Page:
By Paul Scheerer
Oregon Department of Fish and Wildlife biologist

 Who knew that an inconspicuous minnow that inhabits the backwaters of the Willamette Valley could bring so many people together?

The collective effort by a very strong public-private partnership in the Willamette Valley has helped spur recovery of the Oregon chub. Recent reports show that the chub, which is listed as threatened, appears to have met the criteria to be considered for removal from the Endangered Species List.


A pair of Oregon chub swim at Finley National Wildlife Refuge. Photo by Rick Swart, ODFW

The Endangered Species Act (ESA), which turned 40 years old last month, sets a high standard to prevent extinction and recover species to be self-sustainable.

Oregon chub are small floodplain minnows that live in sloughs, swamps, beaver ponds, and low-gradient tributaries.  These off-channel habitats were dramatically reduced by the construction of Willamette River flood control dams, channelization of the river for navigation, the draining of wetlands for agriculture and development, and are prime habitats for nonnative game fish, such as bass and bluegill, which prey on the species.  Due to these threats, this fish was listed as endangered in 1993, when only eight populations totaling fewer than 1,000 fish were known to exist.  Now, 21 years later, there are over 80 populations and more than 150,000 fish. 


This success is a remarkable story of cooperation between landowners, non-profit organizations, and state and federal agencies that got behind the effort decades ago to ensure the species would not become extinct.  This partnership includes Oregon Department of Fish and Wildlife, the U.S. Fish and Wildlife Service, the U.S. Army Corps of Engineers, the U.S. Forest Service, Oregon State Parks, Oregon Department of Transportation, Confederated Tribes of the Grand Ronde, local municipalities, numerous private landowners, watershed councils, the McKenzie River Trust, and others.  In contrast to high profile species such as the Pacific salmon or the grey wolf, most of the recovery activities have occurred under the radar screen with little impact to the local communities. 


Paul Scheerer (right) and Brian Bangs, biologists for Oregon Department of Fish and Wildlife, have worked together to save the Oregon chub. Photo by ODFW

I have devoted 22 years of my professional life to recovering Oregon chub populations in the Willamette Valley.  I was joined in 2005 by Brian Bangs, who has enthusiastically led on-the-ground efforts for the past six years.  We’ve led the charge by conducting research and monitoring, promoting habitat protection and improvements, and conducting reintroductions of the fish into unoccupied habitats.  

We’ve worked closely with the U.S. Army Corps of Engineers to manage flows and temperatures to benefit native fish including Oregon chub, coordinating with the McKenzie River Trust to identify high quality habitats for land acquisition, working with the Middle Fork Willamette, Santiam, and Long Tom Watershed Councils to identify private landowners who were willing to enhance and protect chub habitats, and coordinated with the U.S. Fish and Wildlife Service, Forest Service, Oregon Parks and Recreation and Oregon Department of Transportation to protect, enhance, and create habitat on lands that they manage.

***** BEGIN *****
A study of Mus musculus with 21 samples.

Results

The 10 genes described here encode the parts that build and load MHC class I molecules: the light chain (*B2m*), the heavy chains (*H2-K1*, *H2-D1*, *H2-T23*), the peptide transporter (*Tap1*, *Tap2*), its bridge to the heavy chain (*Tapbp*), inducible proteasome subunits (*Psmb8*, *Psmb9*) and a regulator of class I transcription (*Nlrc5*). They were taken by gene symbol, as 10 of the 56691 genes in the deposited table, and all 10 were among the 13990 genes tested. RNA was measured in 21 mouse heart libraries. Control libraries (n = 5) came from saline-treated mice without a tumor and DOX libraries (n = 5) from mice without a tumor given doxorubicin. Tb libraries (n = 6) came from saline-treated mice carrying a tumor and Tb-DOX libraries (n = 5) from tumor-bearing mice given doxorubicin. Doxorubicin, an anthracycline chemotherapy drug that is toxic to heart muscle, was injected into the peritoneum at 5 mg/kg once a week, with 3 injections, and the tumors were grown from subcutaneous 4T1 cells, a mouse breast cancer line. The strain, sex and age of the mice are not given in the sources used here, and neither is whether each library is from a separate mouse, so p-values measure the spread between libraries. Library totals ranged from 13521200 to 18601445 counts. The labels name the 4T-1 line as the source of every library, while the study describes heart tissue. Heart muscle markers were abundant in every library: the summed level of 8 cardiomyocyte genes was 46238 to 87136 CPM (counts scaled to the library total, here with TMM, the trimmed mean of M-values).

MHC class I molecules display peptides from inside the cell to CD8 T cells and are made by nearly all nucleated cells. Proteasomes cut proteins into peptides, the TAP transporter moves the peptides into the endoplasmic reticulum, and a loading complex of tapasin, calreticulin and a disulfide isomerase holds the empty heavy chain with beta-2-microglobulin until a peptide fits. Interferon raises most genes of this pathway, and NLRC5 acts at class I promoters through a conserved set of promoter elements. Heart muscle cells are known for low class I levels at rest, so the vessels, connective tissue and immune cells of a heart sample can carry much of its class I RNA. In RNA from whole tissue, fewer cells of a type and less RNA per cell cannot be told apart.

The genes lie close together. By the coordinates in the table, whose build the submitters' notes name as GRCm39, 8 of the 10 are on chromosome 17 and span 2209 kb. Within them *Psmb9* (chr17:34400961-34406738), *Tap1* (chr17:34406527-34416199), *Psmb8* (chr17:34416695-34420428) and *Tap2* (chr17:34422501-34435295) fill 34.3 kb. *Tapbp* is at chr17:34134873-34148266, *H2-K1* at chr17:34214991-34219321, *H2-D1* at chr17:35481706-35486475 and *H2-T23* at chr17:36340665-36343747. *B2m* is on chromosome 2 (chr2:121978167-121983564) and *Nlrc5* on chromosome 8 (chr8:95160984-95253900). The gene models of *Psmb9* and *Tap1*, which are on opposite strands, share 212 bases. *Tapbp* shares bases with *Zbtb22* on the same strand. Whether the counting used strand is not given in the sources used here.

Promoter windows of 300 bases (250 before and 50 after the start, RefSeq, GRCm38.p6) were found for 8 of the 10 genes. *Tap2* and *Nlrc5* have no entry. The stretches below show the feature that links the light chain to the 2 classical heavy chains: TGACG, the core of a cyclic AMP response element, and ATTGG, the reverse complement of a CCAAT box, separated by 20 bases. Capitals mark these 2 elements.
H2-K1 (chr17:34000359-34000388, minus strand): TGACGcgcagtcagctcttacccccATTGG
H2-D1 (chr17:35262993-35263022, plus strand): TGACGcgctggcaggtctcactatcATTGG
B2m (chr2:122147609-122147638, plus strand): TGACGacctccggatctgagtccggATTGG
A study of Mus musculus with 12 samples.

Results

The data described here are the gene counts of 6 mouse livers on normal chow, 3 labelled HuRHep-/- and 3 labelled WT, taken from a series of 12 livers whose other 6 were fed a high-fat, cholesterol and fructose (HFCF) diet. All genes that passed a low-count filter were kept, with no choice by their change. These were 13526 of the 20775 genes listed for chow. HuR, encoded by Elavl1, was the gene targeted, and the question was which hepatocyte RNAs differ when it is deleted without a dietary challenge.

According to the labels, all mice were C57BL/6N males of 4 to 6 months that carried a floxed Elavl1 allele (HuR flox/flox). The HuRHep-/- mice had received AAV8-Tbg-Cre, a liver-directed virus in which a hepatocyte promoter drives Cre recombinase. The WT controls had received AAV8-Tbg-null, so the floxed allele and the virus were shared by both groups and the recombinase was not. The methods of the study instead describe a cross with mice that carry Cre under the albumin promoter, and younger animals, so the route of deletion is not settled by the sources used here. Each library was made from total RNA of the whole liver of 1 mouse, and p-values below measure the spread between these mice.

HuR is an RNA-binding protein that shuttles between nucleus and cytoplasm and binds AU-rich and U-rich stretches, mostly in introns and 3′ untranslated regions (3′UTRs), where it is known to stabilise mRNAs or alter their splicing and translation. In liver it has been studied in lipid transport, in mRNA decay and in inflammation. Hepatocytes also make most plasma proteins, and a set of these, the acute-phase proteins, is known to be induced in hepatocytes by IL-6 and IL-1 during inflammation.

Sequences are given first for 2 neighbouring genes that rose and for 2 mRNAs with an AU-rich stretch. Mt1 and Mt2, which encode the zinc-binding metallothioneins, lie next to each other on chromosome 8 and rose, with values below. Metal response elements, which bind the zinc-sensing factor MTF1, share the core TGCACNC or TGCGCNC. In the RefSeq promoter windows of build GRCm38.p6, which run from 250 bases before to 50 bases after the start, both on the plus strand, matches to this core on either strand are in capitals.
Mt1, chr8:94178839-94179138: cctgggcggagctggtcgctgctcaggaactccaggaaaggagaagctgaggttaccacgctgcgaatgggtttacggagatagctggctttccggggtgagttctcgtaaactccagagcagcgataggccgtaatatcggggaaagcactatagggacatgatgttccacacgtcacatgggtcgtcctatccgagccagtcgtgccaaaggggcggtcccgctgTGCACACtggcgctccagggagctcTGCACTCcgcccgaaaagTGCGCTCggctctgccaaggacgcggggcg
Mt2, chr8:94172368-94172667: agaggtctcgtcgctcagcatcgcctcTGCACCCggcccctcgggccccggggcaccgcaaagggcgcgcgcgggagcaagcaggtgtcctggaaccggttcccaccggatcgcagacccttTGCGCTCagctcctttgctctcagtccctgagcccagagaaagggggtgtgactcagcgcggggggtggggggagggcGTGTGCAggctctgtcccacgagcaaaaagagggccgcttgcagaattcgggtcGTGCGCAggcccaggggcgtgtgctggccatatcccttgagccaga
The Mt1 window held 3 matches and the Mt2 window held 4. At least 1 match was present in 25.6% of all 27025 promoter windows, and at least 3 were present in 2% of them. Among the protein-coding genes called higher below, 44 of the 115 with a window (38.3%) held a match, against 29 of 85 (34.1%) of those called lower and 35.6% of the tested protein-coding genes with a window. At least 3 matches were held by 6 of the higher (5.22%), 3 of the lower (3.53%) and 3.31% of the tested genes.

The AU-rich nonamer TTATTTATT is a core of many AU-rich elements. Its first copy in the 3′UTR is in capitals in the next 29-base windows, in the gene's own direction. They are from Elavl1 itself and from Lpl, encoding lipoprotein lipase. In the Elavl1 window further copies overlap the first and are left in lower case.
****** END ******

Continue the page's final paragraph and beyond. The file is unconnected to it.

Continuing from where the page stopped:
Through extensive surveys at more than 1,000 locations in the basin, our team has discovered many previously undocumented populations.  Historical records of the species’ occurrence were rare, as no targeted surveys occurred until the 1980s.  This effort was, at times, like finding a needle in a haystack, but persistence has paid its rewards. 

In addition, recovery has benefitted from the introduction of Oregon chub into suitable, unoccupied habitats.  There have been 21 introductions to date.  These help reduce the threat of extinction by expanding the species range and providing backup populations that can be used in the event of loss of local populations.  Many of the introductions have occurred on private lands.  Coordinated efforts with U.S. Fish and Wildlife Service’s and ODFW’s private lands biologists have helped to identify properties and willing landowners and to acquire funding under various Farm Bill programs, like the Wetland Reserve Program, to re-create high quality habitat that has been lost over the years.


This is ideal Oregon chub habitat at a property owned by the McKenzie River Trust. Photo by ODFW

Recovery is the goal of the ESA.  Hopefully, we’ll soon reach that goal with the Oregon chub.

Oregon chub has benefitted from the protections afforded by the ESA, as have countless other species of fish, birds, amphibians, and mammals that also depend on these off-channel habitats.  However, the status of this species and others like it depends on a concerted community effort to understand, protect, and restore the natural river processes that these species require for continued survival. 

This community effort is what made Oregon chub recovery possible.